While driving home the other day I noticed a very large bird perched on a power pole ahead of me. It was clearly larger than the hawks, falcons, and owls that I commonly see. As I got closer I realized that it was an adult Bald Eagle.
While Eagles are definitely not rare in the Calgary area, they also aren’t very common on the open prairie to the east of the city. In fact this is the first adult bird I’ve ever seen far away from the river. It was very impressive and of course I had to stop to get a few pictures.
The bird did not immediately launch when I approached and I was hoping to be able to watch it for awhile. Unfortunately it had other plans and took off after only a couple of minutes. I was lucky to get an interesting sequence of the bird showing its power while taking off.
One of my favorite places to look for birds and animals is right in the city (Calgary) near my home. Carburn Park is a man-made city park on the banks of the Bow River. Although it was developed to be very accessible to everyone, including a paved path all the way around the park, it also has large stretches of naturalized areas and has become home to thousands of birds and animals. It is a very beautiful park and it is a fantastic place to go birding in all seasons.
Although not as common as the deer that can always be found in the park, I have recently seen Coyotes several times. I had seen this animal earlier in the evening while it sauntered across the frozen lake. There were people walking all around the park and it really did nothing to avoid them. I eventually found it again a little further back in the woods.
The park is home to very large herd of White-tailed Deer. There were quite a few deer wandering around in the woods while I looked for the coyote, and they were very skittish when the coyote passed close by. They are very used to people and completely ignored me however.
I have seen the Deer in the park many times before, and I knew that the resident herd was quite large, but I really had no idea just how many live there were until I saw people feeding them just before sunset. A man whistled a couple of times and then dozens of deer came running from all over the park. They were obviously accustomed to being summoned for a free meal.
I don’t understand why these people think it is necessary to feed wild animals. I really doubt that they understand the danger they are putting these deer in. There were at least two coyotes skulking around in the park that night and I’m sure they would love to take advantage of some fat, grain-fed deer that weren’t paying attention to anything other than the easy meal in front of them.
The bigger question is what the deer will do when these people stop feeding them, as eventually they will. The animals have clearly become habituated to having their meals delivered to them, and they have completely lost their fear of people. If it gets so bad that they come to depend on the people to provide their food, then what will happen to them when the food wagon stops rolling in?
I love going to Carburn Park and I’m always excited to see the birds and animals that live there, but knowing what I know now about these deer, I am terribly conflicted about photographing them… I’d love to here what other people think about this issue?
While they aren’t always appreciated, these birds can be very pretty at times. I was enjoying a walk along the waterfront at Queen’s Quay in Toronto today and found a flock of gulls that clearly expected a handout. I didn’t oblige, but I did take advantage of the opportunity to take a few snaps while they posed very close to me.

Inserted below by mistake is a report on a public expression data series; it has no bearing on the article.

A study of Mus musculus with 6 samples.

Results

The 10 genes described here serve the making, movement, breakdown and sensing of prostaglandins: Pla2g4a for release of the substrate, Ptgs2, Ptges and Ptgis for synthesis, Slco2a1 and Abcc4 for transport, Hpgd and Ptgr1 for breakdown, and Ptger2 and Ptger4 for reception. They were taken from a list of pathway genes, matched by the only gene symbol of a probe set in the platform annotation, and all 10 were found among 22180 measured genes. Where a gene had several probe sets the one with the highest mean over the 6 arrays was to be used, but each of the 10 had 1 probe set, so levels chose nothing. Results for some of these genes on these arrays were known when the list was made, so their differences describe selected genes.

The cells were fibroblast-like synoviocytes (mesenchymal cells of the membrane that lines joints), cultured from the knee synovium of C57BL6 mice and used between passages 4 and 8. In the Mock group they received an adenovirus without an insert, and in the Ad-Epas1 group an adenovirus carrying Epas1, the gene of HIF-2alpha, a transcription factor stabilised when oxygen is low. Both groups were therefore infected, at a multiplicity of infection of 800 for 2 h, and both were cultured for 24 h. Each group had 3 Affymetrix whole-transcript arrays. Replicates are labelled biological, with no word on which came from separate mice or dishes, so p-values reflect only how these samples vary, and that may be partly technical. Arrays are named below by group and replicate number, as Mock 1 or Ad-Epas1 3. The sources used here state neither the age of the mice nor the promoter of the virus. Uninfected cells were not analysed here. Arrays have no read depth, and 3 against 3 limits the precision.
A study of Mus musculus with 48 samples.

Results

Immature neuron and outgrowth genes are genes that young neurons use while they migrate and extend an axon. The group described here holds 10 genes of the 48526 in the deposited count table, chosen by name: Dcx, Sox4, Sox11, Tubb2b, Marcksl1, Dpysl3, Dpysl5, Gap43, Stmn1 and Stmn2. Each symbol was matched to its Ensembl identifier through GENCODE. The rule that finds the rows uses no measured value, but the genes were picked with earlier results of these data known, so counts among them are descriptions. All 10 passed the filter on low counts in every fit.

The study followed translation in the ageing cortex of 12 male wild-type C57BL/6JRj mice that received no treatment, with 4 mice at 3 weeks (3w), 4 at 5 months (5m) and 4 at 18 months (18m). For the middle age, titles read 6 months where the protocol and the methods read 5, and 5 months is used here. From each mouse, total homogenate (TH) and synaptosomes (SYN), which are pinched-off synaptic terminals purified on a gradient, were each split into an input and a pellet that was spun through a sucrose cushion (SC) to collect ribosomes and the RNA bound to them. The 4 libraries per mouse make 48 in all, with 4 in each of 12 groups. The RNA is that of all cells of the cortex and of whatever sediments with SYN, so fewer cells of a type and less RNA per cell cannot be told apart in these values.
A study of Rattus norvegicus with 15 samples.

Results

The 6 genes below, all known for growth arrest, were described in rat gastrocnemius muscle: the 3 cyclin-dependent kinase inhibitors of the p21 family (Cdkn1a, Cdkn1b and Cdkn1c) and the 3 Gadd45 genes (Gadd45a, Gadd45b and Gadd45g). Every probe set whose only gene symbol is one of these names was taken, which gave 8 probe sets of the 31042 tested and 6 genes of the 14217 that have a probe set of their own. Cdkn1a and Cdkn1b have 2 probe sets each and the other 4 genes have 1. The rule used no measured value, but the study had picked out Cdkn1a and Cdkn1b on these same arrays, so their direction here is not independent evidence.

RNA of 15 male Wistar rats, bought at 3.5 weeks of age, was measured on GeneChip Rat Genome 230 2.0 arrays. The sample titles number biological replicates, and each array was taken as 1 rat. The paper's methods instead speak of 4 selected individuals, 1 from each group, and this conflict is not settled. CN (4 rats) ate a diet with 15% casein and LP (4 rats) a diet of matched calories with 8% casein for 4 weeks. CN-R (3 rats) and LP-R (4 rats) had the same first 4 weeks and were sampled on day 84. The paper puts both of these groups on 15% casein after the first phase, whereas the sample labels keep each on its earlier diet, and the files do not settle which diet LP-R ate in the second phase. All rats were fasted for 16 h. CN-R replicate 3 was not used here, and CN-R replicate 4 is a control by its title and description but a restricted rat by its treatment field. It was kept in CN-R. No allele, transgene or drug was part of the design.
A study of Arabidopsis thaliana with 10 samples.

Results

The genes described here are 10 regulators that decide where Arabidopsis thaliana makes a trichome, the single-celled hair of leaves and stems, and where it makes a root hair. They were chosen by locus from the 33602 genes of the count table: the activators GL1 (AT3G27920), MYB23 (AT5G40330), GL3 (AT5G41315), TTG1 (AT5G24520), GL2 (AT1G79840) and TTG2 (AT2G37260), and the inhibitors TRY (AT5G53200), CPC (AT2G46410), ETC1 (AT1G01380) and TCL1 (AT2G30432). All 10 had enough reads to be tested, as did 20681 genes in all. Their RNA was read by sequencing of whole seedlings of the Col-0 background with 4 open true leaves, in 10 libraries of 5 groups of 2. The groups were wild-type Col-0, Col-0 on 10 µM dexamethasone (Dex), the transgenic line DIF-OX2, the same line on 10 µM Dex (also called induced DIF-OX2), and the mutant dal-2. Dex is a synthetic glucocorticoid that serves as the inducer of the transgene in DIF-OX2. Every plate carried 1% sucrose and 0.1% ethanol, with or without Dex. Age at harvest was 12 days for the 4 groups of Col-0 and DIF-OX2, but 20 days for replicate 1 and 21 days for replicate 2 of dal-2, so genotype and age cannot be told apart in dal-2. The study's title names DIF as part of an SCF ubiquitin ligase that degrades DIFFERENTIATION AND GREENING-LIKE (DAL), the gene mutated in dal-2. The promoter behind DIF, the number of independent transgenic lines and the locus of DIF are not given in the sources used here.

I have updated my Panoramic Image Collection with a couple of images that I’ve made recently. The image above is Castle Mountain as seen from the Bow Valley Parkway. Castle is located halfway between Banff and Lake Louise on the Bow Valley Parkway, and is a popular mountain for hiking and climbing. I really liked the way the wispy clouds partially covered the golden rocks of the mountain, and the brilliant blue sky in the background just gave it some extra oomph! As soon as I saw the mountain I knew I had to make a panoramic image.
The next one is another view of Mount Rundle as seen from Vermillion lakes. I have wanted to get some good sunrise or sunset images from this location for a long time and I’m really happy with what I got from my recent visit.
The images in the Panoramic gallery look really great printed big! I’ve printed a few of these at 12″ x 36″ and they look fantastic. Unfortunately the print service in my online store will only print as big as 12″ x 24″, so if you want something bigger please contact me directly and I will make a custom print to your specifications. Note that while most of my panoramics are sized in a 1:3 aspect ratio, some are only 1:2. Each one may need to be cropped differently when printed…
There are lots of large animals that are easily found in the Rocky Mountains (and the foothills). One of the most beautiful, and one of my personal favorites, is the Bighorn Sheep. These animals are usually very easy to find in the same places over and over again, and so I’ve been able to observe them many times.
I recently took a drive west of Calgary along a route that I had never taken before. In two different places along the highway (near Exshaw) I saw large herds of sheep shortly after passing warning signs for sheep in the area. It’s funny how often you can see warning signs for animals but then never actually see any of animals. That is definitely not the case with Bighorn Sheep!
Although there was one memorable time when I was gently reminded by a rather large sheep that they really are wild animals, they are generally very passive and aren’t very concerned by human interaction. These two herds almost completely ignored me and they barely bothered to glance up while continuing to eat their morning meal.